OK, I’m not a doctor, a nurse practitioner, a nurse, or a paramedic. In fact, I don’t even have a valid first aid card. But I do know we are about to be hit with an influenza epidemic.

On top of that, there’s some sort of respiratory disease making the rounds in our little town which sometimes lasts for up to six weeks.

From what I’ve read and heard, both of these illnesses are extremely contagious, and can be very dangerous for people older than 65 and young children.

As for the flu, they say you can infect someone else up to four days before you even feel the symptoms. That means that if someone in your household, place of business, etc., has been exposed to someone who has or is about to come down with the flu, you very well may be contagious without even knowing it.

Here’s what the Center for Disease Control recommends we do to minimize the spread of the flu and other respiratory diseases:

  • Avoid close contact with sick people.
  • If you are sick with flu-like illness, stay home for at least 24 hours after your fever is gone except to get medical care or for other necessities.
  • While sick, limit contact with others to keep from infecting them.
  • Cover your nose and mouth with a tissue when you cough or sneeze. Throw the tissue in the trash after you use it. (If you don’t have a tissue handy cover your mouth by sticking your face into the crook of your arm when you cough or sneeze. Putting your hand over your mouth probably only redirects the virus.)
  • Wash your hands often with soap and water. If soap and water are not available, use an alcohol-based hand rub.
  • Avoid touching your eyes, nose and mouth. Germs spread this way.
  • Clean and disinfect surfaces and objects that may be contaminated with germs like the flu. (If someone who is contagious touches a surface, then you touch it, then touch your nose or mouth without first washing your hands, you’re about to get sick).

Stay well my friends.

Ben Killingsworth


  1. Good advice Ben. Idyllwild is a population of seniors who as you point out are particularly vulnerable to an influenza virus, even perhaps if they've taken their annual flu shot. You just never know what bugs are lurking out there. I do wish and strongly recommend that whoever owns the building our post office is located in would install automatic doors so that thousands of customers who use those manually opened doors won't need to touch those slimy handles. I got a frosty response from the postmistress when I made that suggestion once recently in person. I was thinking only of the convenience issue, but the health of thousands of Idyllwildians who touch those handles is another important consideration. Next time you're doing business at the post office you all might want to recommend new automatic doors.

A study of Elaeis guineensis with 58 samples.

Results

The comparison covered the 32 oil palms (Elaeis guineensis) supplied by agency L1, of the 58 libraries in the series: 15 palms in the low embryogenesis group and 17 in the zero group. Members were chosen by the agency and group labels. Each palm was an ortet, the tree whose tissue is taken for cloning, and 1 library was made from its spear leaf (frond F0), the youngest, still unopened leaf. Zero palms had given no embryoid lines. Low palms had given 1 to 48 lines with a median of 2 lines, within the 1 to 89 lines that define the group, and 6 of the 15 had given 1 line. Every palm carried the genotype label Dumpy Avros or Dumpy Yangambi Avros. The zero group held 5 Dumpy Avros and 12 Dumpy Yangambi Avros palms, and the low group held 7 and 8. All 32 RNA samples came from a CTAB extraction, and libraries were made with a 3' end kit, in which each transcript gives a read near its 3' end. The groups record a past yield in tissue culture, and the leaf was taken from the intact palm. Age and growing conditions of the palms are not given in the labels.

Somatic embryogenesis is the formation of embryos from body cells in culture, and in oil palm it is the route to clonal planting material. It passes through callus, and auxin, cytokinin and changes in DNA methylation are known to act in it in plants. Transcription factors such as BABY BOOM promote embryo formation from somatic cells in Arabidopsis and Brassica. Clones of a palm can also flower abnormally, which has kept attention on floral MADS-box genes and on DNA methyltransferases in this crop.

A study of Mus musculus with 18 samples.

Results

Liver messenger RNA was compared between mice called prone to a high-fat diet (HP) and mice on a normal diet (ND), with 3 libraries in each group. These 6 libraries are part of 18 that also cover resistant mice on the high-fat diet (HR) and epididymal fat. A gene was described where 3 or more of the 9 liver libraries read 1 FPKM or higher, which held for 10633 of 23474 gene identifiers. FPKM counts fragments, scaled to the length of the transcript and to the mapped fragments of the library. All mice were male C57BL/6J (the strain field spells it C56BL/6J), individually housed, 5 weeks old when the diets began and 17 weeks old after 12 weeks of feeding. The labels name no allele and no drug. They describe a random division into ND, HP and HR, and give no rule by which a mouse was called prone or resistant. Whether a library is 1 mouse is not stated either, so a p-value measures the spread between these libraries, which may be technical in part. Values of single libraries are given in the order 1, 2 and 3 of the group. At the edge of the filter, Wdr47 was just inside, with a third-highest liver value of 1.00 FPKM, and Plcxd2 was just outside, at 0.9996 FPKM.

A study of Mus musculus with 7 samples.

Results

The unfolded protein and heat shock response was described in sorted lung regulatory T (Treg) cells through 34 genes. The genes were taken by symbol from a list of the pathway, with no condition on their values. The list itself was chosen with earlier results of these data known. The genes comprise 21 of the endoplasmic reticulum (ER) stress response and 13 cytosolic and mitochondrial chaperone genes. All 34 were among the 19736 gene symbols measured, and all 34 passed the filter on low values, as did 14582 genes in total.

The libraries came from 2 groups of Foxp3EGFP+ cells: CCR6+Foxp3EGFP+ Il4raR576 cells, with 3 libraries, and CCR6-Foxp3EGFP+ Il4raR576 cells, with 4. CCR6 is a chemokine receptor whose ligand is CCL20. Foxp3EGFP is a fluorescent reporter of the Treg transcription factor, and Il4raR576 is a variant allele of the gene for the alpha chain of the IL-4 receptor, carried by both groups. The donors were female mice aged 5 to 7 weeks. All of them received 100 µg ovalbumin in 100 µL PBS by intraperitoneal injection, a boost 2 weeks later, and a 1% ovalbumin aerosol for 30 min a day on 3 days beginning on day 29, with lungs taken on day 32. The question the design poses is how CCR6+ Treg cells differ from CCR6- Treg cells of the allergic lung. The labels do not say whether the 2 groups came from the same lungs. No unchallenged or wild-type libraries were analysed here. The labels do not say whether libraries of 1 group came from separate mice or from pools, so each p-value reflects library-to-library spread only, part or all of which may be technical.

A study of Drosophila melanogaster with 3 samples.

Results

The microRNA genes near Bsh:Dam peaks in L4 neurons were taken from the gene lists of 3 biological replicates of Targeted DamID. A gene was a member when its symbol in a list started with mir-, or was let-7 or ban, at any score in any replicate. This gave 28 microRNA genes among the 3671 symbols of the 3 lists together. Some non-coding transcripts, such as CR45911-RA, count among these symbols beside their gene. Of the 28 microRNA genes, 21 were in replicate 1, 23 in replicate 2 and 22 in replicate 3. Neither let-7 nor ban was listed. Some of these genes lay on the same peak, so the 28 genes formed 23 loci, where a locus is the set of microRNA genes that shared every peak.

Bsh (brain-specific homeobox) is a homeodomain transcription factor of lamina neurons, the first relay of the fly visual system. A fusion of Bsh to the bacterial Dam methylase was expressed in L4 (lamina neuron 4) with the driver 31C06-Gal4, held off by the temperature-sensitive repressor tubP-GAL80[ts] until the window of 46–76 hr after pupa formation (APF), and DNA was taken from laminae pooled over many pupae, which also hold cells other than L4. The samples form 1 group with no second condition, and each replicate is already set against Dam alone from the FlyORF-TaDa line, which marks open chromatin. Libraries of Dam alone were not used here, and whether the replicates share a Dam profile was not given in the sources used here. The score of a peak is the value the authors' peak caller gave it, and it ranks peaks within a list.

2. or wear gloves
    or use a paper towel to open the door
    or Purrell
    or anti-microbial hand wet wipes

    At my job, my boss walks around coughing and infecting everyone. It's easy to say "stay at home" but the economics are that I do not have paid sick days, and if I miss a few unpaid days, I have to get a doctor's note, which will get me sicker just being in the doctor's waiting room lobby.

    can't avoid it, might as well take the hit in small doses. Remember the Native Americans vs the Euro settlers?

    best advice is to keep the stress level low, strengthen immune system with select foods, vitamins, exercise, and good hygiene.